Monday, Aug. 7, 2017
Doubling down: McCain, Flake don’t soften edges despite poll showing
WASHINGTON – What do you do when you are listed as one of the most unpopular people in your home state? If you’re a U.S. senator from Arizona, apparently you stick to your guns.
A poll in July by the website Morning Consult looked at the popularity of each senator in his or her home state and put Arizona Sens. John McCain and Jeff Flake in the bottom three – trailing only Senate Majority Leader Mitch McConnell.
Part of the explanation could lie in another Morning Consult poll that shows Arizona Republicans think highly of President Donald Trump. Flake has made a name for himself as a staunch never-Trump Republican, and McCain annoys party regulars by sometimes voting against the GOP.
So what have both senators done since that poll was released?
McCain sided with Democrats, becoming one of the key votes against the GOP’s long-cherished goal of repealing Obamacare, and Flake wrote a scathing book criticizing his fellow Republicans and Trump.
Released on Aug. 1, “Conscience of a Conservative: A Rejection of Destructive Politics and A Return to Principle” details Flake’s disappointment with what he says is his party’s rejection of traditional conservative values. Flake did not hold back on his criticisms of Trump, saying Republicans who support him are “in denial.”
McCain, who was diagnosed recently with brain cancer, made a dramatic return to the Senate floor last month and gave a biting speech that chastised Republicans and Democrats alike for hyper-partisanship that has hobbled Congress.
Two days later, he was the deciding vote against the “skinny repeal” of portions of Obamacare. Arizona Republicans have not forgiven him for it.
“McCain needs to stop acting like a spoiled brat,” Tonopah resident Doug Larson said in a letter published by the Arizona Republic. “McCain chose to abandon his party, his president and all of the majority of voters in Arizona.”
Arizona political strategist Jason Rose said Flake’s “decision to keep poking the president in the eye … is confounding to his base.”
Rose said the first half of the year has been “dispiriting” to Republicans, who control both Congress and the White House for the first time in seven years but have been unable to make advances on health care, tax reform or government spending.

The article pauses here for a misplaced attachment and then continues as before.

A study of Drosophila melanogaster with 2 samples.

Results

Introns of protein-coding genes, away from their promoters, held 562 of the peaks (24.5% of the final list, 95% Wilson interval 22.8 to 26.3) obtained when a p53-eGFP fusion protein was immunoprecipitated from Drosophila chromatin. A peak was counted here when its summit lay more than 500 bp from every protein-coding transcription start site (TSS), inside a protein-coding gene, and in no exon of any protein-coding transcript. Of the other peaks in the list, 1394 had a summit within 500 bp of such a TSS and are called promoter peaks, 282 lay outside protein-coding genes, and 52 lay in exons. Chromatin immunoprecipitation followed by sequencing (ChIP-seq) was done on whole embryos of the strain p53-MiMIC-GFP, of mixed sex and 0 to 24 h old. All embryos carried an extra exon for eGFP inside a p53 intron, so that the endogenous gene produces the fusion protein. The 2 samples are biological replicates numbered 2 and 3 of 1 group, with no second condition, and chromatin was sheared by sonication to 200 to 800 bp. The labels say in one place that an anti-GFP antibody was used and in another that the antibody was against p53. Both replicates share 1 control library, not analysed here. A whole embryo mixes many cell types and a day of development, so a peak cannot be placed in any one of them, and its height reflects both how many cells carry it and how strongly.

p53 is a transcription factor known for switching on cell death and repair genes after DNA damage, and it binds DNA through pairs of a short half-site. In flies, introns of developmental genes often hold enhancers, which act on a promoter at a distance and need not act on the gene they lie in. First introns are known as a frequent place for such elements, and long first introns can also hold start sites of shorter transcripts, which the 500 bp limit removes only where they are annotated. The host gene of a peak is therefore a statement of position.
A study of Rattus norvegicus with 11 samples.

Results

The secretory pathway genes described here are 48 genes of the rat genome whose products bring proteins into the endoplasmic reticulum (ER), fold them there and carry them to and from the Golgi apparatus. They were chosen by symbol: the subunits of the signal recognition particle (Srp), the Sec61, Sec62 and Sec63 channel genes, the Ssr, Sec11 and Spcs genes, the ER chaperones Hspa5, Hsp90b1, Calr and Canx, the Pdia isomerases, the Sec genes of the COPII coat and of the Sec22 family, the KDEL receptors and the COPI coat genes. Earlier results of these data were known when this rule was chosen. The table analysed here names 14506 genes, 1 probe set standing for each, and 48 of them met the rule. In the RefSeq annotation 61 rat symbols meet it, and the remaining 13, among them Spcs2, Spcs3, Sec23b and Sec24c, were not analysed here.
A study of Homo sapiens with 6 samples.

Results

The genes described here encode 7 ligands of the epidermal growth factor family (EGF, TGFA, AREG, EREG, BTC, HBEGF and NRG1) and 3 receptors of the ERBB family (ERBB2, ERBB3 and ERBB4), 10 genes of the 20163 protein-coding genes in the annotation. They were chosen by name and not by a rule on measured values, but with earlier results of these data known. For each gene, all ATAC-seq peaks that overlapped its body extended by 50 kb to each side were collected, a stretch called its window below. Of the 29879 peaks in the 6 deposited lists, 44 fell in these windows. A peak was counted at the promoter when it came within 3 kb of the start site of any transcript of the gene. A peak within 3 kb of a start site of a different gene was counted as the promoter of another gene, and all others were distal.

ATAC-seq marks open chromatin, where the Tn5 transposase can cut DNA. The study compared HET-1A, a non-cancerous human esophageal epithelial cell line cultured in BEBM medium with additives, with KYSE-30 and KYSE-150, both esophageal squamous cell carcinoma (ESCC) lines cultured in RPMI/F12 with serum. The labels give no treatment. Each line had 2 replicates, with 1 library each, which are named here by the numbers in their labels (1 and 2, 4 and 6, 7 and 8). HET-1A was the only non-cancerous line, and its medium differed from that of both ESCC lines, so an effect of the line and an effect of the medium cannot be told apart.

But at a time when party unity is needed most, Flake and McCain have doubled down on their contrarian comments.
McCain may not be too concerned about any backlash for opposing the president – his seat is safe until 2022, and his cancer is potentially fatal. But Flake needs to walk a tightrope in his 2018 re-election bid, when he is likely to face challenges from the left and right.
Kyle Kondik, the managing editor at Sabato’s Crystal Ball at the University of Virginia’s Center for Politics, said Flake “has a very conservative voting record, he’s not a moderate.”
“It’s tricky for Flake to oppose Trump while not moderating his voting record. Flake could alienate some Republican voters without attracting any Democrat voters,” Kondik said.
And he said Flake runs the risk of failing to attract more independents than the number of hard-line conservatives he would lose if he moderates his positions.
“I give him a lot of credit for speaking his conscience but it’s not hard to imagine him as a man without a party right now. Republican base voters are pretty approving of the president,” said Kondik.
Arizona has another reason to disapprove of its two Republican senators; the state is turning blue, or at least purple.
“Arizona is a state where Hilary Clinton did better than Barack Obama,” Kondik noted.
As Democrats are unlikely to ever vote for McCain or Flake, the two senators are facing an uphill battle. But, if the Morning Consult poll is any indication, neither man appears interested in winning a popularity contest.